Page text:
Washington has a new motto: “In Trump’s faithlessness we trust.”
As the US and most of Asia prepares for the next unpredictable episode of Donald Trump’s off again, on again summit with Kim Jong-un, The Guardian quotes the wise words of former Japanese diplomat Hitoshi Tanaka who has “urged the US to understand the importance of trust in Asian cultures as it pushes for a deal to remove Pyongyang’s nuclear weapons.”
Here is today’s 3D definition from a multicultural perspective:
In the US, the belief that the other person signing a contract, though potentially an adversary, will respect the terms of the contract or face the prospect of a lawsuit
In Asia, the sense that the person with whom one is engaging is committed to a long-term relationship implying a form of co-management
It is no coincidence that the word trust in English, according to Merriam-Webster, also signifies:
a) a property interest held by one person for the benefit of another
b) a combination of firms or corporations formed by a legal agreement… that reduces or threatens to reduce competition
In US culture, trust thus contains an implicit reference to property and control, or what may be called the “interest” of a party seen from a largely individualist and essentially economic perspective. The Confucian notion of xin — commonly translated as trust but also as “faithfulness” — derives from the word for the physical heart and by extension also the mind. In English, trust focuses on what is outside the person: what they own or control. In Chinese, it focuses on what is inside the person, what they feel and think. One is about possession, the other about relationship.
Chinaculture.org offers a definition that highlights the distinction between East and West: “Confucius held ‘faithfulness’ to be an indispensable virtue for a human being. Only a man of faithfulness would be appointed to some task; otherwise survival would be hardly possible. Confucius called the man without faith a mean person and kept an aloof distance with them.”
The question facing the two Koreas and the rest of the world may thus boil down to this: Is Donald Trump “a man without faith”? From an Asian point of view, the evidence points strongly toward an affirmative answer to the question. But even from a Western point of view, Trump’s behavior — peremptorily walking away from international agreements — marks him as a man who cannot be trusted and the US as a nation lacking xin. Trump and most of the US establishment live with the deeply rooted conviction that force will always triumph over weakness, and that negotiation as all about having the upper hand. Americans are accustomed to reason in terms of possession, physical security and control, rather than faithfulness and relationship-building.
We are still in the opening rounds of what promoter Don King might be tempted to call “the diplomatic fight of the century.” Trump would like to win with a knockout, but as a former performer himself in the hyperreal world of professional wrestling, he may well be more focused on delivering a pre-scripted drama to entertain the crowd. In so doing, he seems to be missing the real story: The rise of China and the inexorable and ongoing shift, documented by McKinsey, of the world’s economic center of gravity, which has already crossed Russia and is heading toward China. “If McKinsey’s projections about demographics and growth in the next few years are correct, that shift will only continue and accelerate, as emerging and developing markets continue to grow rapidly while developed markets grow at a much slower pace.”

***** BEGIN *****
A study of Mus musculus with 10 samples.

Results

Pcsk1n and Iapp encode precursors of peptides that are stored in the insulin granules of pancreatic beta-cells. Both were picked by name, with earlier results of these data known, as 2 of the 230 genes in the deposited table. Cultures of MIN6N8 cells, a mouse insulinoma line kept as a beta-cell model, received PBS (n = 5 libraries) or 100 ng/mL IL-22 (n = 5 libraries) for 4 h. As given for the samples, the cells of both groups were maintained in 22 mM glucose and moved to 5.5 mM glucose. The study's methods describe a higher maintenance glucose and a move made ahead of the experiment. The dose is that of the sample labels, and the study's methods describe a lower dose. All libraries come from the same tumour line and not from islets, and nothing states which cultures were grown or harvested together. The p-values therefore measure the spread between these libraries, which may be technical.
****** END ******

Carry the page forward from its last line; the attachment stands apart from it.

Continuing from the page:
Trump seems to be only dimly aware of the significance of two events directly provoked by his erratic decision-making. The first was the Kim Jong-un’s surprise visit to Chinese President Xi Jinping in Dalian, which led to the following statement reported by The Guardian: “As long as relevant parties abolish their hostile policies and remove security threats against the DPRK [North Korea], there is no need for the DPRK to be a nuclear state and denuclearisation can be realised.”
This succinctly states the essential terms of the issue, but it also contains a touch of diplomatic irony that has escaped the attention of all commentators. North Korea and China have reduced the status of the US to that of a “relevant party” (i.e. an outsider), which is a fair enough description in light of the second significant event: the surprise meeting on the northern side of the border, only a few weeks later, between Kim Jong-un and South Korean President Moon Jae-in.
The US may have no choice but to lose the iron grip it has held on South Korea, militarily and economically, since the end of the Korean War. Michael Hayden, the former director of the CIA, believes Trump hasn’t “done the homework needed.” Part of that homework should be seeking to understand the meaning of trust, faithfulness and xin in Asian culture.
*[In the age of Oscar Wilde and Mark Twain, another American wit, the journalist Ambrose Bierce, produced a series of satirical definitions of commonly used terms, throwing light on their hidden meanings in real discourse. Bierce eventually collected and published them as a book, The Devil’s Dictionary, in 1911. We have shamelessly appropriated his title in the interest of continuing his wholesome pedagogical effort to enlighten generations of readers of the news.]
The views expressed in this article are the author’s own and do not necessarily reflect Fair Observer’s editorial policy.